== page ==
Organised by RogerDodger
Word limit 400–750
Jasper and Jamie looked out across the city, where floodlights illuminated the whole cityscape. Sparkling windows compensated for the stars that had faded away. Their feet rubbed cold against the cement of a tall spire. Below them there were cars like ants, widening the circumference of steel, leaving the city. One by one, the bridges lowered, the roadblocks closed, the ports of escape slowly disappeared.

Jasper called up the clock, and all four sides of the tower glowed with blue light. Holographic clock faces appeared.


“Hey!” Jamie said, nudging Jasper in the side, “Now I can’t see the sky!”

The clocks disapparated. Below, the final cars were tailed by yellow demolition walkers, multi limbed and decorated in safety lights. They were without the payload of BTHC explosive they had arrived with. Just like other cities before it, the great metropolis had become too costly to keep around.

“You sure you want to do this?” Jasper asked. He extended his arm, wrapping it around Jamie’s waist and lifting his gaze to her eyes. “I mean, we are going to die for each other. It’s not like we’re buying chocolate for one another, this is the real thing.”

“Are you having second thoughts?” Jamie pulled away and looked Jasper in the eyes, “What happened to not being tied down anymore?”

Jasper stared back and cracked a smile, “No rent is the only reason I’m all for this.”

Jamie laughed, kicking her head back and scrunching her eyes. Her blonde hair seemed to wane like a glowing moon in the floodlight.

“Yeah, you’d be the guy to die so he doesn’t have to pay rent.”

He threw up his arms and spun around as he spoke.

“I swear the housing commission hiked prices because they had an inside track on the detonation!”

They both laughed. A sudden rumble rippled through the flooring. The pair rushed to the edge, first looking below, seven hundred metres downwards to the ground, then to the outskirts of town. A whole suburb was crumbling into itself.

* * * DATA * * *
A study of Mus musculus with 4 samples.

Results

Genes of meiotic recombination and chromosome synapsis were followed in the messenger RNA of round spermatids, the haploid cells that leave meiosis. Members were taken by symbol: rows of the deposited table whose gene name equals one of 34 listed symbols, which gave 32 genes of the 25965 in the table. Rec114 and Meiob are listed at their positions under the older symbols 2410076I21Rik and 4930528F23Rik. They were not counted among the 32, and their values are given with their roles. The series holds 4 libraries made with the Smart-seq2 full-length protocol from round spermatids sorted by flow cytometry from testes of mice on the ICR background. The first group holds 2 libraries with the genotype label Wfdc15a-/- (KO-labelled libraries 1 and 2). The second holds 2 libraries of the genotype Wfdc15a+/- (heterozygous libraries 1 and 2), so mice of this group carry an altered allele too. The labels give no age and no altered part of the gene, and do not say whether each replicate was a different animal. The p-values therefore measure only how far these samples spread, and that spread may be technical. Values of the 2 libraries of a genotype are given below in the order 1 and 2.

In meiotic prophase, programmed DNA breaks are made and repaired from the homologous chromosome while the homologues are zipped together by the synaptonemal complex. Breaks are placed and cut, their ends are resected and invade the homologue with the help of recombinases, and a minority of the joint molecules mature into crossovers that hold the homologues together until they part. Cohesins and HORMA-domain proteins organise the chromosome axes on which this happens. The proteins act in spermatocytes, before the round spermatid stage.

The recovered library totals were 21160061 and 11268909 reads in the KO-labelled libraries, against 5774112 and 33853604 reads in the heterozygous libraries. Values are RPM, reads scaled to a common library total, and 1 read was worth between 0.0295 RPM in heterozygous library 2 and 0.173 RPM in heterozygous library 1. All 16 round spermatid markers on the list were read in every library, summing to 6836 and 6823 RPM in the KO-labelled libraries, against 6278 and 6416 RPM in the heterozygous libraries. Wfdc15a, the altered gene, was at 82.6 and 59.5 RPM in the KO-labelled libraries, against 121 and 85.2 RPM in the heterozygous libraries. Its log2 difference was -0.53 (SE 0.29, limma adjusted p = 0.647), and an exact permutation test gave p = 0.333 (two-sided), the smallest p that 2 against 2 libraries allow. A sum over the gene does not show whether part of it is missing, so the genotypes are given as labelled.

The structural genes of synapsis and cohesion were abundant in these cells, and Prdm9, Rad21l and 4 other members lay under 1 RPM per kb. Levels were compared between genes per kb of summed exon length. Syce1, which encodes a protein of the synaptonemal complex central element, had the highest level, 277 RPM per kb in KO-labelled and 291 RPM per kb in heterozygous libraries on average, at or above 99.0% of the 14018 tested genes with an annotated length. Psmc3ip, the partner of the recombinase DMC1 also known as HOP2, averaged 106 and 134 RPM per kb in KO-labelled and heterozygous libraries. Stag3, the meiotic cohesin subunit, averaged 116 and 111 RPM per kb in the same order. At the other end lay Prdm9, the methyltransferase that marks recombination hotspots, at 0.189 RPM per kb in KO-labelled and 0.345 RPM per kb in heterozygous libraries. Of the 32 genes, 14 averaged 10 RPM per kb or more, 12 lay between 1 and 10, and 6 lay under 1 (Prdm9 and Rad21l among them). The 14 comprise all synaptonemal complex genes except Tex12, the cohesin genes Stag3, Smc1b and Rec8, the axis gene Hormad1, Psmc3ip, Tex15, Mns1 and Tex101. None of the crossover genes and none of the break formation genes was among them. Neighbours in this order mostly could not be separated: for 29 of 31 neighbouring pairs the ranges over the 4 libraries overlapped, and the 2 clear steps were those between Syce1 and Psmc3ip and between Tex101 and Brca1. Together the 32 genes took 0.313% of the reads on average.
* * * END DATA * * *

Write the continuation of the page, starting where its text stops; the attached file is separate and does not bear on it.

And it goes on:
More explosions shook the tower, loose dust falling from the roof. Other suburbs went under, houses and factories becoming rubble and ruin. The ground beneath a thousand streets lit up with flame, like hell had entered the realm of man.

Jasper waved a hand theatrically.

“Let the fireworks begin!”

Jamie grabbed his hand and leant off the edge of the clock tower. Jasper gasped, stumbled for a moment, and then held her thin arm, his love the only thing keeping her from falling to the faraway ground.

“Four years, Jasper, four years since we met here.”

“Don’t ask if I remember,” Jasper said, spinning her round on the cement, “I can’t.”

“No? You don’t remember seeing that dashing young woman painting the city by moonlight?”

“You were painting the city? I thought it was a muddy cloud with some glow worms living on it,” Jasper said, nuzzling Jamie teasingly.

“Glow worms? Those were windows, you jerk.”

“News to me. What happened to that painting anyway?”

“Don’t you remember? You couldn’t pay the fees for our ceremony, so that nice pastor sleeps under it now.”

“That’s right.”

Jamie reached out and took Jasper’s hand. She released a deep breath. They were going to do this. They’d obviously talked about it for months but now to be here on the edge. It was something else.

“So, we’re about to kill ourselves, huh?”

“Most couples say they’d give their lives for the other. We’re actually doing it, I guess.”

Then the floor crumbled beneath them. The last of the explosives finally detonated with a boom. The cement cracked down the centre, and the two lovers toppled helplessly. They smiled to each other as stone and metal rained down around them. They began the descent from 2300 feet as the place they loved crumbled.

“I love you, Jamie.”

“I love you, Jasper.”

They were in space together, hopeless romantics chasing an idea that most did not have the courage to. Two astronauts on a mission to Mars knowing they won’t make it home. It wasn’t a happy life that they sought, it was an idea. Their ideology of what love should be.The black raven of death couldn’t take the souls of Jamie and Jasper, as they had already given them to each other. After that, what more was there to give?

In sickness, in health, in life, in death.

One last time, they clasped hands, stared into each other’s eyes and softly whispered, “I do.”